I've been harping here on maintaining skepticism of reports on what Obama is and isn't going to do, who is and isn't going to be appointed, and what Obama does and doesn't want others to do. For increasingly good reasons. There's the pre-spin by people who have a self- interest. There are trial balloons, floated by similarly self-interested people as well as perhaps by the Obama team. There are the usual misunderstandings, by people overhearing things and reporters interpreting information.
Which has meant for instance that this morning headline gets denied tonight, as in the case of the supposed swap meet Bush and Obama held in the Oval Office yesterday. Or in the interpretation of a signal, which leads to strings of speculation, like on the Obama position on Joe Lieberman's fate in the Senate.
It was widely reported--and still is-- that Obama wants Lieberman's status to remain as it is, within the Dem caucus, and even retaining his committee chairs. But his spokesperson Stephanie Cutter indicated today that Obama's position is that he doesn't hold a grudge, but that Joe the Traitor's fate is up to Harry Reid and the Senate Dems. Well, there's a big difference between saying, Obama is not insisting Joe get thrown out, and Obama wants Joe to stay.
As to what we actually do know, John Podesta held a press conference to talk about the transition--TPM has the best summary I saw. The only thing missing is Podesta's response to a question that wouldn't these ethics rules banning lobbyist influence limit the people who might be appointed or be part of the transition? "So be it," Podesta decreed.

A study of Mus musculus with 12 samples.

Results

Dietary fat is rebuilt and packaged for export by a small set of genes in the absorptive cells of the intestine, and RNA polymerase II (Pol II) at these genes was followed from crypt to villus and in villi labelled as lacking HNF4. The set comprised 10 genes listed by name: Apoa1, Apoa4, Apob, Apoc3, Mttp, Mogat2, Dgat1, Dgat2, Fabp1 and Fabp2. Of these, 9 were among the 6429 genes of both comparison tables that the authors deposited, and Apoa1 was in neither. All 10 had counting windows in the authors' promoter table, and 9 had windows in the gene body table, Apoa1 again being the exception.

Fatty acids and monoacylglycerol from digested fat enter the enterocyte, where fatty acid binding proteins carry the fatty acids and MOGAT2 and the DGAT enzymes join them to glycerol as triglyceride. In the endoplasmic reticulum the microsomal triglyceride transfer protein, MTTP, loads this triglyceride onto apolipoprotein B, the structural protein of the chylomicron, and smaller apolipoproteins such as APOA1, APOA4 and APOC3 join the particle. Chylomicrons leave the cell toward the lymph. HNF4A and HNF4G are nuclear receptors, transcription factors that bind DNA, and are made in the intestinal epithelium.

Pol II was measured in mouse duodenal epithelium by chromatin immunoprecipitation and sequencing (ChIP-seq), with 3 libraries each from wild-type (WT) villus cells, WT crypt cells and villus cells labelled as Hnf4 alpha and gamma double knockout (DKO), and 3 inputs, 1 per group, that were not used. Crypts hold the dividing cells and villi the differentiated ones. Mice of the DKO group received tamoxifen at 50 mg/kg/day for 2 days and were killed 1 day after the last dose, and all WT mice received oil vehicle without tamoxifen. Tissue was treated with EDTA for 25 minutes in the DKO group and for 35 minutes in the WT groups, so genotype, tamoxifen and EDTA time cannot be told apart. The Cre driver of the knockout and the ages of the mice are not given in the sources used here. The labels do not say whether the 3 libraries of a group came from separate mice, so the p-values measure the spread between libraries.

As we simultaneously look forward and evaluate the past campaign, Ambinder has this neat summary of why the Obama campaign was successful, such as Practice what you preach (trust the community organizers), and "Win Bigger/Lose Smaller:" "That was an Obama field mantra. The campaign opened up a field office in Warren Co., Ohio, where George W. Bush won by nearly 50 points in 2004. Well, Obama lost Warren County... but by 37 points. That's a big improvement. Losing by smaller margins in those smaller counties is how Barack Obama won Ohio."
And here for the record is another account of dancing in the street
on election day, this time in NYC. As I've said many times, if it wasn't for vicarious experiences, I wouldn't have many experiences at all.
In the continuing adventures of the three missing Senate seats, here's the latest on Alaska. Sounds like we could know a lot more Wednesday night or Thursday morning. Shannyn Moore reveals that election "irregularities" are not new in Alaska--for instance, 2004.